MADISON, Wis. – The Wisconsin Department of Natural Resources (DNR) is seeking public input on a proposal to extend the walleye catch-and-release regulations on the Minocqua Chain of Lakes in Oneida County.
Each spring, the DNR conducts critical population estimates to determine if population goals have met their target as defined by a collaborative management plan developed by the DNR and a local stakeholder group. Last April, the DNR extended the walleye catch-and-release only season on the Minocqua Chain to reestablish its natural walleye populations. Due to COVID-19 safety precautions, the DNR did not conduct walleye population estimates on Lake Tomahawk, the chain’s largest lake.
“The DNR did not conduct crucial walleye population estimates on Lake Tomahawk last spring, which would have provided data on whether the walleye fishery is responding to the management plan,” said Mike Vogelsang, DNR North District Fisheries Supervisor. “While local fishing reports have been good, we simply don’t have the data to accurately assess if we’ve hit the two adult walleye per acre mark in Lake Tomahawk.”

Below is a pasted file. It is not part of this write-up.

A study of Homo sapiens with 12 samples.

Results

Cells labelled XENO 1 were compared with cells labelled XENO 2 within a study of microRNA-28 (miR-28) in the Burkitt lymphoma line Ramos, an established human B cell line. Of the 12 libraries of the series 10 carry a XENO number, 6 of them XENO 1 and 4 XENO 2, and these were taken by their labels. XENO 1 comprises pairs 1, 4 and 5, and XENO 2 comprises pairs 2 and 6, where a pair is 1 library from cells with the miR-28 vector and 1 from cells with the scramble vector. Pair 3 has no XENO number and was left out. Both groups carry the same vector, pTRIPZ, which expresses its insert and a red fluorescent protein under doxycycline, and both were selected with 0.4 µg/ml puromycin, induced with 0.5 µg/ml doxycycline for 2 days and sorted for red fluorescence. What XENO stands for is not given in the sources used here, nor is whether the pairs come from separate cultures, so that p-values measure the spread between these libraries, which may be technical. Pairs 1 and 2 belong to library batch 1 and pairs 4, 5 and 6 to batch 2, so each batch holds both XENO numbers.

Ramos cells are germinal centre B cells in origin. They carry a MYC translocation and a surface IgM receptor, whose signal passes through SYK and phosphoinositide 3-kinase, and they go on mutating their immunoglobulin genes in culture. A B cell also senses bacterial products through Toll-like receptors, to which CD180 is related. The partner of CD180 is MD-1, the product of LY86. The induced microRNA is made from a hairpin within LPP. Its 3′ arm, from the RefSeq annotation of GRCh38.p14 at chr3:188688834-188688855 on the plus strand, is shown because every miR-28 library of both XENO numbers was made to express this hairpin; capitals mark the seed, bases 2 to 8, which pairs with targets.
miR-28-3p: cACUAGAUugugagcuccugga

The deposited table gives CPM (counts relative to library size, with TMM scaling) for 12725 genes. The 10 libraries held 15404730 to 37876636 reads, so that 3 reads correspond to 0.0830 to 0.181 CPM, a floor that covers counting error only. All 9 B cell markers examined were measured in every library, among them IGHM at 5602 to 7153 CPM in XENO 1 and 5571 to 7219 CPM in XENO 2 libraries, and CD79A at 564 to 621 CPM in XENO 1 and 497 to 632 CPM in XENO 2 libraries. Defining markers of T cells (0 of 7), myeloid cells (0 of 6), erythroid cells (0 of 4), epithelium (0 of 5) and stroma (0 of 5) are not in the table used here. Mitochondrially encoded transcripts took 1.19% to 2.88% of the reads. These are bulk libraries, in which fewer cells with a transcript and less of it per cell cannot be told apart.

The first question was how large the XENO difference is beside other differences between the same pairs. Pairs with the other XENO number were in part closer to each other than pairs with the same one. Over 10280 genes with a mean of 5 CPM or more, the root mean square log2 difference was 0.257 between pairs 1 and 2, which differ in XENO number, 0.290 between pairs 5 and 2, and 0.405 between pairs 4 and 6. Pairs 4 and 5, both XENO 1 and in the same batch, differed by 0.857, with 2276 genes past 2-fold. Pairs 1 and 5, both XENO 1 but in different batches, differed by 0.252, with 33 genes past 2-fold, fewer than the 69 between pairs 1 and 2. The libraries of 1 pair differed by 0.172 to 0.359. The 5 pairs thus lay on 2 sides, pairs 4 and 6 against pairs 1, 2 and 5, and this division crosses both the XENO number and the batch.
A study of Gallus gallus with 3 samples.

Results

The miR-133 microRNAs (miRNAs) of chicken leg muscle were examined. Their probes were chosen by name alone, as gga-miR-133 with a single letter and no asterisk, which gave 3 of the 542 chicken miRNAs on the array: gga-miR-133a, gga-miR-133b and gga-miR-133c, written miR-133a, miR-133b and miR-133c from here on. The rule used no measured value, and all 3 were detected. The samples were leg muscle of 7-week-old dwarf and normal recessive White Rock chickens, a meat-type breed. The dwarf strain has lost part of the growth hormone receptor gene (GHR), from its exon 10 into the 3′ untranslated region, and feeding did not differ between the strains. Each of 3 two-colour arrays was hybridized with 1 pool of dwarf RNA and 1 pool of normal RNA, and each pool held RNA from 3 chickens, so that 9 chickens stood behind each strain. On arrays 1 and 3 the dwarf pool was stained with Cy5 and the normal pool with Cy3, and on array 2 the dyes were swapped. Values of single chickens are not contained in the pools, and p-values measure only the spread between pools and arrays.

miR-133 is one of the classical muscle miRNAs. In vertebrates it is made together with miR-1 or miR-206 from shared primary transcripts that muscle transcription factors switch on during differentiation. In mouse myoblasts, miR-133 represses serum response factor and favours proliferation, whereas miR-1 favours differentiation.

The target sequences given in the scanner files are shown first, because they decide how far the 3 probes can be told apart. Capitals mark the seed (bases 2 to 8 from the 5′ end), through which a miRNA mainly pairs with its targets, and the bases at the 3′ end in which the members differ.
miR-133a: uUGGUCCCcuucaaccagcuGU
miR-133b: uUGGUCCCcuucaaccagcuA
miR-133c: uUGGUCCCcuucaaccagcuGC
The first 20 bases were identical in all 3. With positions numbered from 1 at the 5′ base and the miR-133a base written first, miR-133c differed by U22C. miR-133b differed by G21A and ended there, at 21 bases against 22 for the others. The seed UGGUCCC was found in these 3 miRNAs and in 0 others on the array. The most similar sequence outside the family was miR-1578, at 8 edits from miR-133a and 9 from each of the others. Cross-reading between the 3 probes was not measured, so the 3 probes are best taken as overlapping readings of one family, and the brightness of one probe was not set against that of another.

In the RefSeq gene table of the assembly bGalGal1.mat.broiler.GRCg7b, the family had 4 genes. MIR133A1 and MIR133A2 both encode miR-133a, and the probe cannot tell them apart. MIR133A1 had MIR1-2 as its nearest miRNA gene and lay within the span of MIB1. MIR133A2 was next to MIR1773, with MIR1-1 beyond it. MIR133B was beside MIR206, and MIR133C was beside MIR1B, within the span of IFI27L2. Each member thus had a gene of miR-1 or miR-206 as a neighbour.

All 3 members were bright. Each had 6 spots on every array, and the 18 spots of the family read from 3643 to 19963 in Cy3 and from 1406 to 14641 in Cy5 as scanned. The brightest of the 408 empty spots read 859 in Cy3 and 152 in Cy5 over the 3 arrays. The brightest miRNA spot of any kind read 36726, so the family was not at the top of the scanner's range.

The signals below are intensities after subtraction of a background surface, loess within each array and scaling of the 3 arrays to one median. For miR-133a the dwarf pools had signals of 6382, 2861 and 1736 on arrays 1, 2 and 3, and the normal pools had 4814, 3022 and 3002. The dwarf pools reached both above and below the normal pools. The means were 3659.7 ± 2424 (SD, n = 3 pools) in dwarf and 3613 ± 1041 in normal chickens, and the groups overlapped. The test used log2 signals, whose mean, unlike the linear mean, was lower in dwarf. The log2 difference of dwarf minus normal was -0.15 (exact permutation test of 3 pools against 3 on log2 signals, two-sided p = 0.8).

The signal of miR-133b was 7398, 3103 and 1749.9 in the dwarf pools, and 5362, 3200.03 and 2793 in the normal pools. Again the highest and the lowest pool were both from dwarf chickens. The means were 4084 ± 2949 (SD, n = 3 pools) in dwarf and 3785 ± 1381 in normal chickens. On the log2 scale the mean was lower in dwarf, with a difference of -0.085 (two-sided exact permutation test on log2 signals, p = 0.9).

As a result, the Minocqua Chain stakeholder group is seeking public input on a proposal to implement another year of catch-and-release regulations for anglers and tribal members. The stakeholder group includes representatives from the DNR’s fisheries and law enforcement staff, Walleyes For Tomorrow, Great Lakes Indian Fish and Wildlife Commission, Lac du Flambeau tribal representatives, Minocqua/Kawaguesaga/Lake Tomahawk Lake Association and Wisconsin Valley Improvement Company. The DNR is asking the public to complete the 2020 Minocqua Chain Walleye Fishery Stakeholder Survey by Monday, Nov. 30.
Depending on the survey results and approval from the Wisconsin Natural Resources Board, this proposal would extend the walleye catch-and-release season on the Minocqua Chain to May 7, 2022, allowing the DNR to conduct its planned survey to estimate the walleye population in the spring of 2021.
“The stakeholder group has been closely following the progress of the chain’s walleye fishery in response to annually stocking extended growth walleye and having a no-harvest regulation in place,” Vogelsang said. “The stakeholder group is actively seeking public input to determine the best way forward.”